ERIC Number: ED313857
Record Type: RIE
Publication Date: 1989
Achieving Responsible Reintegration of Behaviorally Disordered Students.
Fuchs, Douglas; And Others
The paper describes a case-by-case reintegrating strategy for transfer of special education students to less restrictive environments (RLE) stressing "transenvironmental programming" (TP), student-directed interventions, and collaborative consultation. Implementation involved 10 experimental subjects and 10 controls who were elementary grade children with behavior disorders originally enrolled in a special school. Transenvironmental programming focuses on acquisition of skills deemed critical for success, and the transfer of these skills from "training" to "target" environments. TP comprises four phases: environmental assessment, intervention and preparation, promoting transfer across settings, and evaluation in the target environment. Each experimental and control student's most disturbing behavior was identified and an intervention was implemented, involving a teacher-student contract and monitoring either through interval recording or product inspection. Implementation of the TP process required 10 weeks at the special school and 8 weeks in the LRE school. Meetings with LRE and special school teachers set goals for student behavior, and repeated data collection during intervention led to consideration of the student's transfer to the LRE. Postentry intervention involved two final data collections, an individualized education program meeting, classroom observations, teacher ratings, and student-teacher interviews. All 10 of the experimental students but only five of the control students exited the special school for a less restrictive environment (either mainstream or special class in a regular school). (DB)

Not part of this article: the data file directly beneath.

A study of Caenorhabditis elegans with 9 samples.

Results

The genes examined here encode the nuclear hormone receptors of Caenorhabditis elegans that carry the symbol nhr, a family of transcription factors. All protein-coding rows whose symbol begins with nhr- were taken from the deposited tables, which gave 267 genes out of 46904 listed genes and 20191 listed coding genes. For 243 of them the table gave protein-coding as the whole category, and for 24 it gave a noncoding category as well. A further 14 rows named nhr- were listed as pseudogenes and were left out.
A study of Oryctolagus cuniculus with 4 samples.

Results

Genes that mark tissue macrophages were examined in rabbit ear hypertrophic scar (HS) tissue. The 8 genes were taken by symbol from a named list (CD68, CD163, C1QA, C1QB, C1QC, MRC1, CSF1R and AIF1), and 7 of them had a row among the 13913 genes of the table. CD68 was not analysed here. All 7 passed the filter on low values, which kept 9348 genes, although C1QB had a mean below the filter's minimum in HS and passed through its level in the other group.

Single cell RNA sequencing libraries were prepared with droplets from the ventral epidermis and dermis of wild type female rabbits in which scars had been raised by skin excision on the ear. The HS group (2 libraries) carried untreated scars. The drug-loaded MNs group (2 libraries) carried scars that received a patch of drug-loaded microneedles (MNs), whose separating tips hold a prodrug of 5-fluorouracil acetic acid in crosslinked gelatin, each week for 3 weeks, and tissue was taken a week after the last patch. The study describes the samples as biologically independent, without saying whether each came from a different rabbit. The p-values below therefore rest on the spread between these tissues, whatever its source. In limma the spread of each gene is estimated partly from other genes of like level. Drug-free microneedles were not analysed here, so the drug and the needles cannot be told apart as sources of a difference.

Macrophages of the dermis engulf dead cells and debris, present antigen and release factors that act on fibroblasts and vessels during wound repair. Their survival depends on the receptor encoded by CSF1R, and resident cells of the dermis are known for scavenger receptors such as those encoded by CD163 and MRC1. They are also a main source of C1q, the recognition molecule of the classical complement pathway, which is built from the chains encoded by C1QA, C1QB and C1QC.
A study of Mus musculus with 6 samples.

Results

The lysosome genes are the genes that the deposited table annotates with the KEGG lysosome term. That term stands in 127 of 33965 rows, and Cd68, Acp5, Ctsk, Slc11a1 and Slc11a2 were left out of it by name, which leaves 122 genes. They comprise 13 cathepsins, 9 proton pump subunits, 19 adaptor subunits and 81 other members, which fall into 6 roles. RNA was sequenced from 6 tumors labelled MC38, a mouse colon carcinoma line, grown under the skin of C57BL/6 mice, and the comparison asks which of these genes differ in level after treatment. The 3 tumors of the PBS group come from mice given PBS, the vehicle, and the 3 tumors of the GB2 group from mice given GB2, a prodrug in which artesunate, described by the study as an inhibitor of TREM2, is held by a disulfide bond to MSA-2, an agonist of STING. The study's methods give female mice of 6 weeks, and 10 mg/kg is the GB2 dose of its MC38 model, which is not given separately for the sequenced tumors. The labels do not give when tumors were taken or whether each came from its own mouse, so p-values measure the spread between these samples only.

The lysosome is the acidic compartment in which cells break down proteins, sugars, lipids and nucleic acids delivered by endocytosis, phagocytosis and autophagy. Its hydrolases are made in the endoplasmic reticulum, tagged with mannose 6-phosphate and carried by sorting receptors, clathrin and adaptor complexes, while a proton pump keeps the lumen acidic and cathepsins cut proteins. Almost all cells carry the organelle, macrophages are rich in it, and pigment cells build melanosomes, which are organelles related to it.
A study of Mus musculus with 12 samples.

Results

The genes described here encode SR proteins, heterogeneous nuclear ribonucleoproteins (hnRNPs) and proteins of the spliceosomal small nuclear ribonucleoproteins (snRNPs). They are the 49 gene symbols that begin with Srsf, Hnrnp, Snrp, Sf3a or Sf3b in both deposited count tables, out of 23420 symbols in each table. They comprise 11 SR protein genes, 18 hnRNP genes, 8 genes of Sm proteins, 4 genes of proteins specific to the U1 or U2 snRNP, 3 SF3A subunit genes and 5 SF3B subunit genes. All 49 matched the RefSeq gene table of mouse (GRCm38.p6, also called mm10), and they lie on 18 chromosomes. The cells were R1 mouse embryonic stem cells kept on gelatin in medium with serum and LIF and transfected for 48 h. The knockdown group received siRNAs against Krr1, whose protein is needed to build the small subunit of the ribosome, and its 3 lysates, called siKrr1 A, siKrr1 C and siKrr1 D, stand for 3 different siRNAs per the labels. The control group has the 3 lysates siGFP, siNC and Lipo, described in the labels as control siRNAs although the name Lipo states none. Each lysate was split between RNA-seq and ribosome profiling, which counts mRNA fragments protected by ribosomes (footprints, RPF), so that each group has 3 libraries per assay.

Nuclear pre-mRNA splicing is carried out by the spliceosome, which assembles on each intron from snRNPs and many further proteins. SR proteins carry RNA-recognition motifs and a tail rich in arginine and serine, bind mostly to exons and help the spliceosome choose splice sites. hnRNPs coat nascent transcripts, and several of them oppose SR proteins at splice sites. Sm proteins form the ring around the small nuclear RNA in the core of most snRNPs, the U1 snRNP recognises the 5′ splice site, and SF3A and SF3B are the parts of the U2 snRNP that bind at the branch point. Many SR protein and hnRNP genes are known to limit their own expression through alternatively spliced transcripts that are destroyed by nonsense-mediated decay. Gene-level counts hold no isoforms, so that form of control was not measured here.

Descriptors: Behavior Disorders, Behavior Modification, Behavior Problems, Elementary Education, Intervention, Mainstreaming, Normalization (Handicapped), Special Classes, Special Schools, Student Placement, Transfer of Training, Transitional Programs
Douglas Fuchs, Department of Special Education, Box 328, George Peabody College, Vanderbilt University, Nashville, TN 37203.
Publication Type: Reports - Research; Speeches/Meeting Papers
Education Level: N/A
Sponsor: Office of Special Education (ED), Washington, DC.
Authoring Institution: George Peabody Coll. for Teachers, Nashville, TN.
Grant or Contract Numbers: N/A
Note: Portions of this article were presented at the Annual Meeting of the Council for Exceptional Children (67th, San Francisco, CA, April 3-7, 1989).